More than £2m of public money has been paid to trade unions by the Welsh government, new figures show.
The details came to light following a written question by Welsh Conservatives’ deputy leader Paul Davies to finance minister Jane Hutt.
According to the figures, 15 trade unions received £2.4m from the Welsh government during a three-year period.
The Welsh government justified the payments by saying they were made to raise skill levels among workers.
But Mr Davies, AM for Preseli Pembrokeshire, expressed concern whether the Labour-led administration in the Assembly were using public funds to “feather its own nest”.
He highlighted a £1m donation to Unison and £87,000 given to GMB.
Mr Davies said the former had donated £3,065 to first minister Carwyn Jones’s leadership campaign in 2009 and the latter gave £14,197 to Peter Hain’s failed bid to become deputy prime minister two years previously.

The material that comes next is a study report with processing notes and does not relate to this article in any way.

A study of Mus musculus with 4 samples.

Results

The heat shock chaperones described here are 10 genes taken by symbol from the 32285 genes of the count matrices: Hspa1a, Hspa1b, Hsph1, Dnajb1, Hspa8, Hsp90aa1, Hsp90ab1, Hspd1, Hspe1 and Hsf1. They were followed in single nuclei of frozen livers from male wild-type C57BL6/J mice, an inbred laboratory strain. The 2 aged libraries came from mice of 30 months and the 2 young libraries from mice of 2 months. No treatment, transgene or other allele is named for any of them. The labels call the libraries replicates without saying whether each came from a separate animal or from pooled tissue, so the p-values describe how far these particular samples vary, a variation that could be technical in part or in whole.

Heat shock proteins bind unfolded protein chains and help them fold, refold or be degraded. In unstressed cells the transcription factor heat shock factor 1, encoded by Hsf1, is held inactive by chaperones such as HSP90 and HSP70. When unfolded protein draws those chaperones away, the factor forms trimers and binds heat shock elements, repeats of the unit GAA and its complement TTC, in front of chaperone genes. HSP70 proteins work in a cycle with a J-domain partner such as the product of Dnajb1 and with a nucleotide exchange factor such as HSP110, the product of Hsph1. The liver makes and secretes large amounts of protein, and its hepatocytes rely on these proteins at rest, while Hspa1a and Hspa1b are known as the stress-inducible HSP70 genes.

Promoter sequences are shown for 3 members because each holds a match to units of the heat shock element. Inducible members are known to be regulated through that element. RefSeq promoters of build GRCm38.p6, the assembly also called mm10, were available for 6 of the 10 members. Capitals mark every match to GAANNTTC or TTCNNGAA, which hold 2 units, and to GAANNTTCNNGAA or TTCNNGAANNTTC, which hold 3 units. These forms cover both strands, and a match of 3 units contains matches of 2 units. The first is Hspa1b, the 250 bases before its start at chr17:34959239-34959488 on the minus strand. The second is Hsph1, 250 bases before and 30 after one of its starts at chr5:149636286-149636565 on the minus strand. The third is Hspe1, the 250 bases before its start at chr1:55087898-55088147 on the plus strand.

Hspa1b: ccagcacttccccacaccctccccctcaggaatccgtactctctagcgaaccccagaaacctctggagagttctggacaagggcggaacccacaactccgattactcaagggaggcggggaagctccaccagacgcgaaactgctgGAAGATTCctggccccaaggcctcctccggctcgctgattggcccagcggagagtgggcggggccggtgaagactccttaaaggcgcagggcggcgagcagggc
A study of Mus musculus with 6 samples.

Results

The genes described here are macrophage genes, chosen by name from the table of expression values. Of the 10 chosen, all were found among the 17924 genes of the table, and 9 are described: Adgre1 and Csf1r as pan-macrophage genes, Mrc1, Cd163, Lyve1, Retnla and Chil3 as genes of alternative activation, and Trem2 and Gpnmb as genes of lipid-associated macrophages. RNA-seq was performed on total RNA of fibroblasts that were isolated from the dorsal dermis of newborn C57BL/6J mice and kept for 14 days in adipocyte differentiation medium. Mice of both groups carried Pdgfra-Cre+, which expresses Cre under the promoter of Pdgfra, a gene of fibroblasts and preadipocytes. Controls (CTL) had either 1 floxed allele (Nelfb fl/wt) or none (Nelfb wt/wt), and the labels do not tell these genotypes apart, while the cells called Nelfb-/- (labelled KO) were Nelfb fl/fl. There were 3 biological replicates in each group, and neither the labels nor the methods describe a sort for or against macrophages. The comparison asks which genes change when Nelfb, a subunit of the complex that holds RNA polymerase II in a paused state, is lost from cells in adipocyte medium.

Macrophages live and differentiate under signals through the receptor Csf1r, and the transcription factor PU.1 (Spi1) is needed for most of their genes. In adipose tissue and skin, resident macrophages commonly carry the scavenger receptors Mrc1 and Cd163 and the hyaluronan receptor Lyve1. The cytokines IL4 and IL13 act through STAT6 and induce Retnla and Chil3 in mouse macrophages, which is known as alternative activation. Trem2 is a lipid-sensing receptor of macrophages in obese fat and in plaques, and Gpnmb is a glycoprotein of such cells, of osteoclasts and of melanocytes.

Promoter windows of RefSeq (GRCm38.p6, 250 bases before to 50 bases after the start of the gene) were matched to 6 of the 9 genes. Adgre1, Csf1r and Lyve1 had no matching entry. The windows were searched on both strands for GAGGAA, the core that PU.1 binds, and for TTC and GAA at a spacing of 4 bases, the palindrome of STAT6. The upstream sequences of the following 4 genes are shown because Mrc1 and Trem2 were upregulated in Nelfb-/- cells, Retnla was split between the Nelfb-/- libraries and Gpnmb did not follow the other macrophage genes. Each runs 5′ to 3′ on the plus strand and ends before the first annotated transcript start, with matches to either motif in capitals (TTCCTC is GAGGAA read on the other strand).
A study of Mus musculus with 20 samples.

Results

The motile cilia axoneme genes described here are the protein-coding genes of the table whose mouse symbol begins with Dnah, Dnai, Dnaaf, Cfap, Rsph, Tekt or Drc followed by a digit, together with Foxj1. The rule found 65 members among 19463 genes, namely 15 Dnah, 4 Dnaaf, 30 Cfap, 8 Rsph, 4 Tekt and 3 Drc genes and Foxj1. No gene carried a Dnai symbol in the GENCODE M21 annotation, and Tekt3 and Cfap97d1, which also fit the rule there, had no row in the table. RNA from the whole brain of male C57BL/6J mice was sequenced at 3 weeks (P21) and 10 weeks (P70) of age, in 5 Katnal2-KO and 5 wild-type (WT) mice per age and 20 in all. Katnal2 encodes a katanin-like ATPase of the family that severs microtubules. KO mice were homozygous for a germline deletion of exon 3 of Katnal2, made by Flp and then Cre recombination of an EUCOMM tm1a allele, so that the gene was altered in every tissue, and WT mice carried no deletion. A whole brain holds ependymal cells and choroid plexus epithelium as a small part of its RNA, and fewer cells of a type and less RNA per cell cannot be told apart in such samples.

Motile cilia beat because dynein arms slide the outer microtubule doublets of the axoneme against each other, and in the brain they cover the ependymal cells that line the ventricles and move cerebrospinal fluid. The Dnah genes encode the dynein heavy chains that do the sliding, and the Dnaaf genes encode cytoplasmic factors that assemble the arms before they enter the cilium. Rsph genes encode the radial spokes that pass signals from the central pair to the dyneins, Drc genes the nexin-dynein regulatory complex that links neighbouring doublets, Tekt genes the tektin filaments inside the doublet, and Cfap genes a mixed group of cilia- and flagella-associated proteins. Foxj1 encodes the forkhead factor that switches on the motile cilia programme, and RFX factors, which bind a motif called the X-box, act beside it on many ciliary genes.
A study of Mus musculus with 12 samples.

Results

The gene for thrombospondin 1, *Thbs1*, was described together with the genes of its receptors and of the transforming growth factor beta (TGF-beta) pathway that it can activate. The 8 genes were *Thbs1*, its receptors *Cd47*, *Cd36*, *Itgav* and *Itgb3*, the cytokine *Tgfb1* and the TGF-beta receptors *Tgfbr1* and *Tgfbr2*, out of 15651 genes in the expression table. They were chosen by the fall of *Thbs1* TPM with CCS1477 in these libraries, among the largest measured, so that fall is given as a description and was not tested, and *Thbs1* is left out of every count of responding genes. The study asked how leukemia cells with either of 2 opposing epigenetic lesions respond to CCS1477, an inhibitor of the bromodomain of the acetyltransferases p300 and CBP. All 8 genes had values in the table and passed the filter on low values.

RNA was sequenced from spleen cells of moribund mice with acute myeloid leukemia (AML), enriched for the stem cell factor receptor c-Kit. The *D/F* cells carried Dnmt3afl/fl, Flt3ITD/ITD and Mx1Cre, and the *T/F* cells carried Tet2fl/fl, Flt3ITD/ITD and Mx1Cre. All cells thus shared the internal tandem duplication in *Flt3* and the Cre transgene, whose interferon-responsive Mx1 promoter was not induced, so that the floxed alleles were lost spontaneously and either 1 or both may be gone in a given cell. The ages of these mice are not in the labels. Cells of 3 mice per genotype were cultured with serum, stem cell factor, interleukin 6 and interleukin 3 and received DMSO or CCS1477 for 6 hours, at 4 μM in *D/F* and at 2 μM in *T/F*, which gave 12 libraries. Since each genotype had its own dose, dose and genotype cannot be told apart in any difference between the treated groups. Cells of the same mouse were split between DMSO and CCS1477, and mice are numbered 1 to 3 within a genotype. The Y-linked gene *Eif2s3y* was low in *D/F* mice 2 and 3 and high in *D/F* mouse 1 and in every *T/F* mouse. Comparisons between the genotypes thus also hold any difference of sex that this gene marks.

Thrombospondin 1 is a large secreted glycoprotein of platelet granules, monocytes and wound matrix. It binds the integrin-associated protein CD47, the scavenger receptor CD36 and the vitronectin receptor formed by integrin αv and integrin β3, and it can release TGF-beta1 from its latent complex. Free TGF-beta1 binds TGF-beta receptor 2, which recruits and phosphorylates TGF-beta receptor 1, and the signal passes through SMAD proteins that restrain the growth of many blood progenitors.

He said: “Giving substantial sums of taxpayers’ money to party political donors serves only to undermine people’s trust in politicians and weaken their faith in Welsh Labour ministers to act in the national interest.”
The Welsh government hit back at Mr Davies’ accusations, stressing that trade unions played a vital role to Wales’ workforce.
A spokesman said: “These payments result from a long-standing commitment to work with key stakeholders in Wales to raise skill levels of the employed workforce.
“The trade union movement in Wales plays a vital role in this process by raising awareness and arranging flexible learning opportunities that meet the needs of employers and individuals alike.”